The New York Times have launched an official "companion" for Wordle, which judges your daily answer against an adversary even more cruel, petty, and unforgiving than the family WhatsApp group: mathematics. If you want, WordleBot can analyse your guesses and figure out how optimally you played at each step. Backed up by numbers, it'll explain your good plays and, if you're me, make you feel a bit daft for some of the bad plays.
Visit WordleBot after tackling the day's puzzle and it'll attack you with various numbers rating your solution. The best part is a step-by-step analysis of each guess, looking at how many possible answers you excluded and how close you could have been to the answer. I felt good about it at first.
"Solid choice," it told me about my first guess. "On average, someone who guesses [REDACTED] will cut the number of possible solutions to just 194." Hell yeah. Go me. My second guess was also pretty good.
Nice," WordleBot told me. "Before your guess, there were 44 possible solutions, but now there is only one. You should solve the puzzle on your next turn." Oh no.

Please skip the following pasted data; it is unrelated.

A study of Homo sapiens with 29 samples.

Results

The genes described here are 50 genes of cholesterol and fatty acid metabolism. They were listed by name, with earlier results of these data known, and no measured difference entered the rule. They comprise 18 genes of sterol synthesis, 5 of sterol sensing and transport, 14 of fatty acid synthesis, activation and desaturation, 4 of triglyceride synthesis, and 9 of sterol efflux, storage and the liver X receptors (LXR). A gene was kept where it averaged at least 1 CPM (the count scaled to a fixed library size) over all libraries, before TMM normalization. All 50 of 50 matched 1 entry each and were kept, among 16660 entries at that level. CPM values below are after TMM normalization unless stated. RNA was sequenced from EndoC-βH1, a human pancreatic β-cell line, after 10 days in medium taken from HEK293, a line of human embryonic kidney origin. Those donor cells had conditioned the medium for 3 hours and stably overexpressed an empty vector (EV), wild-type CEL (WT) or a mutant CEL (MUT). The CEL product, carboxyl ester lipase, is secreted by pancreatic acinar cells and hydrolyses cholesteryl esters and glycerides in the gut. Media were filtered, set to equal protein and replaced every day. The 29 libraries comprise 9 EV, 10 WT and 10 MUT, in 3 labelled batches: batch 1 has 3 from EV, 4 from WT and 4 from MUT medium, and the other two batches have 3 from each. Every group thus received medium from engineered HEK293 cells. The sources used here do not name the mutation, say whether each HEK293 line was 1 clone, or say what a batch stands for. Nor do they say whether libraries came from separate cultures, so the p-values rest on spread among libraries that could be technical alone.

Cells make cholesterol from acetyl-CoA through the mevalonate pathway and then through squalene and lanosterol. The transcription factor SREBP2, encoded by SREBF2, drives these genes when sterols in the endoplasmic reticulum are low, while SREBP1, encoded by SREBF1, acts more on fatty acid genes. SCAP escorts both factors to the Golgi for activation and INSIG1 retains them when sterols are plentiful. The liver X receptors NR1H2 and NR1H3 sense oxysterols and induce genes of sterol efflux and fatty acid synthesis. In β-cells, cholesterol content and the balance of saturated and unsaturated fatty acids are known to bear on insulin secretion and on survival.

Reader dear, I did not solve the puzzle on my next turn. I burned several duds fishing for letters before hitting it on guess 5. Sure, I wasn't feeling good about going 5/6 today, but until WordleBot stuck its nose into my business I had no idea I 'should' have got it on turn 3. Shove it, WordleBot.
The NYT explained in Thursday's announcement that WordleBot was born of debate over the best word to pick for your first guess.
"WordleBot started as an attempt to settle this question once and for all," said Josh Katz and Matthew Conlen. "But along the way we realized that (a) the answer was more complicated than it seemed; and that (b) we were more interested in how closely our guesses matched those that would be chosen by a machine designed to solve Wordles."
So they created a robot to make me feel bad. They say that they hope WordleBot "will help you think about Wordle more analytically, which will help you get better at solving the puzzles in the long run". It is useful for that, as much as I loathe to admit it. They also suggest that its efficiency ratings could "serve as a tiebreaker of sorts" if you're in heated competition with your pals and tie on a puzzle.
I'm more of a -dle player, me. I flit across the many, many daily puzzle games which borrow parts of the Wordle formula (and often parts of its name), casually checking out songs and movies and maps and weather and Street View and footballers rather than settling down to master any one game. And that's a perfectly reasonable explanation for why I did bad today, okay. Shut up.